NASA scientists studying North Atlantic from above

The American space agency is in St. John's to look at an important question here on earth: what is causes phytoplankton to bloom in the North Atlantic ocean?

Researchers aim to identify cause of massive phytoplankton bloom

Researchers from the U.S. are in St. John's getting ready to study the annual plankton bloom. They say understanding what triggers the growth of the huge biomass off our shores will help scientists understand the possible impact plankton may have on climate change. 2:32

"It's really cool!"

Jennifer Schulien, a researcher with a National Aeronautics and Space Administration (NASA) sponsored study stands in a hangar at St. John's International Airport, in front of a massive C-130 Hercules airplane.

For the next few weeks, the plane will be part of a NASA study, aimed at answering an important question here on earth: What is causing an explosion of phytoplankton on the North Atlantic ocean?

NASA images of phytoplankton blooms. (NASA)

It's an important question because emissions from plankton — microscopic marine plants — are so great they may actually influence the earth's climate.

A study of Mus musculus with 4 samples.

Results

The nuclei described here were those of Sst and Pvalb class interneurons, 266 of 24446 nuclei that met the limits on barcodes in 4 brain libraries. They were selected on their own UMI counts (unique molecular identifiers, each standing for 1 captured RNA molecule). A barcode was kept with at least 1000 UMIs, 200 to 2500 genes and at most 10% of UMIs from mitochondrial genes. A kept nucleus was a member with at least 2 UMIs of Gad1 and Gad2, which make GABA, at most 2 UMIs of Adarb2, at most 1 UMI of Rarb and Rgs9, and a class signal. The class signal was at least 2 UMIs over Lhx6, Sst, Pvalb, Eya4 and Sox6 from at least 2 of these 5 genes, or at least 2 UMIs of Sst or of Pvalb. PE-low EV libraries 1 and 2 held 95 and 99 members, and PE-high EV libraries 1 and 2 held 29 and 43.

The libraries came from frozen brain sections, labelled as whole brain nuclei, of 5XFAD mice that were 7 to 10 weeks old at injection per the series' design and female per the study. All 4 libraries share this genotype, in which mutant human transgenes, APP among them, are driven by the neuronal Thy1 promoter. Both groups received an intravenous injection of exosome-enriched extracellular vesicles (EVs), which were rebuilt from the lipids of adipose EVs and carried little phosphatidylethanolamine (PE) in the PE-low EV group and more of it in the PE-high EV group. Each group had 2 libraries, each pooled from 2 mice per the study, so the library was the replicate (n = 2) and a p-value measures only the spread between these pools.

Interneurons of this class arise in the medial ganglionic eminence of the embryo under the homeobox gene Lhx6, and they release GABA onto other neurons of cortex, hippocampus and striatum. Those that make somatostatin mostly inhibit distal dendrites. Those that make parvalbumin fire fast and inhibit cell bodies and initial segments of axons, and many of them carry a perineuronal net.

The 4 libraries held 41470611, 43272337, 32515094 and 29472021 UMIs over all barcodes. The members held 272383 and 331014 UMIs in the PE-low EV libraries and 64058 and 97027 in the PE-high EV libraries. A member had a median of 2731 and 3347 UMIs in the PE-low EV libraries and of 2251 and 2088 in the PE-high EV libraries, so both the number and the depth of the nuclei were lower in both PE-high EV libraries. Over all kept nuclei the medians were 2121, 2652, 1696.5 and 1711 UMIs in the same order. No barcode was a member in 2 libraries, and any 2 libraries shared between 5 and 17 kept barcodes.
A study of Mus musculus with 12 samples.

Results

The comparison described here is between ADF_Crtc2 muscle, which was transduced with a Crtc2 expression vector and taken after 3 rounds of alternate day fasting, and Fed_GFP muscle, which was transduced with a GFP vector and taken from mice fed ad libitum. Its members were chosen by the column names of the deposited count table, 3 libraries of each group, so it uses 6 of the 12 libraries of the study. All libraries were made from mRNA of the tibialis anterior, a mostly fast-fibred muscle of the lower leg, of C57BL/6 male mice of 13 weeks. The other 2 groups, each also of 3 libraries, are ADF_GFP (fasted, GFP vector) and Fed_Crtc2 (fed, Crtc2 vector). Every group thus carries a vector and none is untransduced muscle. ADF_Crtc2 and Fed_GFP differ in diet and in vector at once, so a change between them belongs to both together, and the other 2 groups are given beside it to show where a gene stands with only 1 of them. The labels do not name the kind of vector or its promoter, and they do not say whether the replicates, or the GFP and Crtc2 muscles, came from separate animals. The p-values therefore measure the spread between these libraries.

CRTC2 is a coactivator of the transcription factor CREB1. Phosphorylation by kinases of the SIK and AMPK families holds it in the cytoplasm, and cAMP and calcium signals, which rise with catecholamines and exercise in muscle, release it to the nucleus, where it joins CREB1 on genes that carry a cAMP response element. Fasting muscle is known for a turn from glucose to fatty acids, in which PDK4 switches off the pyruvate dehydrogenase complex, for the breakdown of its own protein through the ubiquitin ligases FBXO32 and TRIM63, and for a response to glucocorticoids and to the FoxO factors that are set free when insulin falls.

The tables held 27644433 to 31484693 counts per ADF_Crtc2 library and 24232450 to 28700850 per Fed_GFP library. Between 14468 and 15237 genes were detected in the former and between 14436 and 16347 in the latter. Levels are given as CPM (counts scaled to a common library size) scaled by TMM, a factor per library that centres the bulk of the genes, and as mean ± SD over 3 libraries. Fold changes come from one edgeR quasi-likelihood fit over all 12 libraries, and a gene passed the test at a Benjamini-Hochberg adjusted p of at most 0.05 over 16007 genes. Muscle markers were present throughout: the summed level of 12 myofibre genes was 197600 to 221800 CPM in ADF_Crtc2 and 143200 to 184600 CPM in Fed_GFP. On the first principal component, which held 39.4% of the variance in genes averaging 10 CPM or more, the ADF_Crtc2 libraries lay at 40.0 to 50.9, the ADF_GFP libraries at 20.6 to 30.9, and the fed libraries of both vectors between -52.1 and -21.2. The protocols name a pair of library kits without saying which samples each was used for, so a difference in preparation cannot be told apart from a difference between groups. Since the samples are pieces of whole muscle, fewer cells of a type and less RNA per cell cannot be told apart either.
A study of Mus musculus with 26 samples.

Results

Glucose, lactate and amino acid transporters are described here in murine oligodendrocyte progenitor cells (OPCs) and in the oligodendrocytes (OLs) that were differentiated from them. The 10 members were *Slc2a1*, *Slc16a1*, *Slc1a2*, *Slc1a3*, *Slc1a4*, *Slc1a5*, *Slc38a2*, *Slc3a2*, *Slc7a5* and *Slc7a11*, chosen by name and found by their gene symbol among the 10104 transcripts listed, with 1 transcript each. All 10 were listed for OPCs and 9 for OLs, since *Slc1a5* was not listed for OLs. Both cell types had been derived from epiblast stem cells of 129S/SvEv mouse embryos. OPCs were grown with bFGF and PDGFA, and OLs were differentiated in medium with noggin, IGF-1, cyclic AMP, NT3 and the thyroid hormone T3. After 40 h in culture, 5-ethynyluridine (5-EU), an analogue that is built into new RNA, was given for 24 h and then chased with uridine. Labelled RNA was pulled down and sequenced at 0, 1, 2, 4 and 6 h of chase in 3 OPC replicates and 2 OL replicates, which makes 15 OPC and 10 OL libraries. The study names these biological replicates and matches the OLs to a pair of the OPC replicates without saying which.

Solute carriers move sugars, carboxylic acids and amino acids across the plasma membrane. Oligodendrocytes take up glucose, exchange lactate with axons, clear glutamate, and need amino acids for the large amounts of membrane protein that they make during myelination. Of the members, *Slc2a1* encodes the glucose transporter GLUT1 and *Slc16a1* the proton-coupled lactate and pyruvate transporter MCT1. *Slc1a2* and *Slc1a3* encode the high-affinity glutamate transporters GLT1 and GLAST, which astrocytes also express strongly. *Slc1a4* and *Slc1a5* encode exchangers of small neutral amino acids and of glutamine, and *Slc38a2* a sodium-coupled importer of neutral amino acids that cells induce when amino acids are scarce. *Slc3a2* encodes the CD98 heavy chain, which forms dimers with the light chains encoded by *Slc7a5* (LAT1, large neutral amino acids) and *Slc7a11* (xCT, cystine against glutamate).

Schulien and others on the NASA team will observe the plankton bloom from above, using the Hercules, and from the below, onboard the research vessel Atlantis.

"Really you can't get a complete picture of what is happening in the ocean from one platform." Schulien says.

Understanding climate change

This five-year project is challenging the belief that plankton need heat to bloom.

The deputy project scientist for this research, Richard Moore, said that recent science suggests the plankton bloom may actually be sparked by cool winter temperatures.

"Which is it?" said Moore. "Will increase in temperature and sunlight increase the plankton or decrease the plankton?"

Richard Moore, deputy project scientist, onboard the research plane. (NASA)

Scientists say if they can figure out which conditions trigger plankton growth, they will have a better understanding of how climate change may play out.

"Because that is really what's going to make a difference in refining the estimates and give policy makers and citizens the information they need to make decisions going forward." said Moore.